Douglas schools focus on national program
The No Child Left Behind Act will be the focus of every aspect of the Douglas County School District programs and curriculum for the next 10 years, Superintendent John Soderman told board members.
“The district will undergo a huge endeavor. It has assessments, measures and consequences. This is a law with teeth,” Soderman said at Tuesday’s school board meeting.
Called the most sweeping education bill in decades, the 1,200-page No Child Left Behind Act will require states to construct test standards in three core subjects for tracking students’ progress.
If a school fails in student progress, the particular district would have to pay if the student wanted to go to an achieving school. Ultimately, if a school continues to remain inadequate, the government can seize the facility.
States such as Nevada are working on standards in reading and math, and Soderman said it’s up to districts to agree on a formula.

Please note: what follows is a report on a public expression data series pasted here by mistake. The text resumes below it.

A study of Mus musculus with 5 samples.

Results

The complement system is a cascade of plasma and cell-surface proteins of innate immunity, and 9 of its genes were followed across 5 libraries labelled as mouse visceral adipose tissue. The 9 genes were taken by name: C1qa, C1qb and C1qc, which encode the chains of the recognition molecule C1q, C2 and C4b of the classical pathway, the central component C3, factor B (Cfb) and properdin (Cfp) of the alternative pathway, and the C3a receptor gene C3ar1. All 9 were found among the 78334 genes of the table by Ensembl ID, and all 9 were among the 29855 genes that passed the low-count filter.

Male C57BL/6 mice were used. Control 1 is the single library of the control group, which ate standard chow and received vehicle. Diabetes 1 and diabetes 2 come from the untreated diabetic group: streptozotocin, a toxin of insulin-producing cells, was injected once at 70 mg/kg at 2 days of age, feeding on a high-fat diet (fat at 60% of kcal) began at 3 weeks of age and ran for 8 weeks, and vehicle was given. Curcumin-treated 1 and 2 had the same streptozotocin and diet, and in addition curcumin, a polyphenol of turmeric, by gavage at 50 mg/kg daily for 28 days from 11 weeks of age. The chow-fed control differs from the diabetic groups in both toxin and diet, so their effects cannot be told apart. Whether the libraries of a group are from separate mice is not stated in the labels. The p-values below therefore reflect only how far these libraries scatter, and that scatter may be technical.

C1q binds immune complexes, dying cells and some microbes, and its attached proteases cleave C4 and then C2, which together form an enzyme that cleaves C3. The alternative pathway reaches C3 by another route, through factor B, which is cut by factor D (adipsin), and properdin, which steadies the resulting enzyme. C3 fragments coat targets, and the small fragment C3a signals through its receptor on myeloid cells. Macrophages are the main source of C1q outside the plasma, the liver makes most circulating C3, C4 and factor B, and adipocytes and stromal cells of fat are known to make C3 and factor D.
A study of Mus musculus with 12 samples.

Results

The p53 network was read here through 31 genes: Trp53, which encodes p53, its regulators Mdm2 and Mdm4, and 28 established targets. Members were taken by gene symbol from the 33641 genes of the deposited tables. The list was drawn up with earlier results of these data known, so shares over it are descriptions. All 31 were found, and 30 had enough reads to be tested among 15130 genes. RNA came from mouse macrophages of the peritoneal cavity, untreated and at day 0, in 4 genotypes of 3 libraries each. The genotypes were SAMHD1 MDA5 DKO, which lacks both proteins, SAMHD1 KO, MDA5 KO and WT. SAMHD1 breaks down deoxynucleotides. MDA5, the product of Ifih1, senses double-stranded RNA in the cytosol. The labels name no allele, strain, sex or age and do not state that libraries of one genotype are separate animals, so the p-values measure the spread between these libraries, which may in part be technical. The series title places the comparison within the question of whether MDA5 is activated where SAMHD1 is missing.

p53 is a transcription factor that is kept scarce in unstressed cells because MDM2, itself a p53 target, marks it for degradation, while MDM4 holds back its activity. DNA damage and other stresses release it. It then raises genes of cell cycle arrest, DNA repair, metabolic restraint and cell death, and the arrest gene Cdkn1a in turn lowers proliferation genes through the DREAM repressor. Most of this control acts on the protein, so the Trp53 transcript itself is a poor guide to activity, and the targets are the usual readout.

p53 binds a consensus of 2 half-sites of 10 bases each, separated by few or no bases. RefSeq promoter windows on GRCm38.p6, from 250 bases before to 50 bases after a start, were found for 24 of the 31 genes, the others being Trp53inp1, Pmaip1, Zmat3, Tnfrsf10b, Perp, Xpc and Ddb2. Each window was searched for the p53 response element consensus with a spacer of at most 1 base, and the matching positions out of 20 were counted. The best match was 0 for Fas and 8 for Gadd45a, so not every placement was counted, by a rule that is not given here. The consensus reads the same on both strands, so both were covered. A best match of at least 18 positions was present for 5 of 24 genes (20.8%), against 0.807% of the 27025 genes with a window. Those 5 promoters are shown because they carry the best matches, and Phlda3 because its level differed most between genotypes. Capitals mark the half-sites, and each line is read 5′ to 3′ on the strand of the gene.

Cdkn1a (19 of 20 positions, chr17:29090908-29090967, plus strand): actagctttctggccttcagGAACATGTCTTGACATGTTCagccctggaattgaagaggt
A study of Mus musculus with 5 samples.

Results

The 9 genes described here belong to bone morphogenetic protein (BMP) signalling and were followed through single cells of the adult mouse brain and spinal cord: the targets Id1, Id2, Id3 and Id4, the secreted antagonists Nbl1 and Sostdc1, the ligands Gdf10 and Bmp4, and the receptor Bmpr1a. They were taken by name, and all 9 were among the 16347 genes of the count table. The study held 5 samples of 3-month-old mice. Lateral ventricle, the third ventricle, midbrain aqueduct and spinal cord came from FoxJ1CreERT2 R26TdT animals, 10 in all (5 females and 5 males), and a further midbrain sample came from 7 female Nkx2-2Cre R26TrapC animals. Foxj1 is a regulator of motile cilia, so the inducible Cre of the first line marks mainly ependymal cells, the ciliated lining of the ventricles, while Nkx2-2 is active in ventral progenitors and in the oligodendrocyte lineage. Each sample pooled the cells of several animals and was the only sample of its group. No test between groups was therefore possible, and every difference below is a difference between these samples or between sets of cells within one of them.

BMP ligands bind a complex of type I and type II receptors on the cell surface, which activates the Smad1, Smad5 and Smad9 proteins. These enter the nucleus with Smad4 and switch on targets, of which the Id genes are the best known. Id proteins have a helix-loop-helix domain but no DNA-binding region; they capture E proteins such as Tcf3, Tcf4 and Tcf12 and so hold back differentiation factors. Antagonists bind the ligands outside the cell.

By the 2005-06 school year, states are mandated to institute a science standard. Test scores will be used by the government to check on the progress made by minority, low-income and disabled students.
The superintendent cited concerns including overtesting children, manpower needed to process the information and the number of schools that would be deemed inadequate.
It is not out of the question that the district may have to come up with its own budget line item to pull the extra resources needed if a school was deemed inadequate and not receiving federal money, Soderman told board members.
Five ethnic groups coupled with nine sets for educational requirements constitute 45 areas that schools must make progress in to avoid being deemed inadequate, Soderman said.
No Child Left Behind is a replacement to 1994’s Improving America’s Schools Act, which was one of a string of Congress-approved reauthorizations to the Elementary and Secondary Education Act of 1965.
Statewide, school officials are concerned with the possible ramifications of the bill. Before No Child Left Behind, the government required assessment and reporting on Title One schools, which serve a majority of students who are economically challenged. But now it’s all schools, including those in Nevada, which has more than 400.
— Staff writer William Ferchland contributed to this report.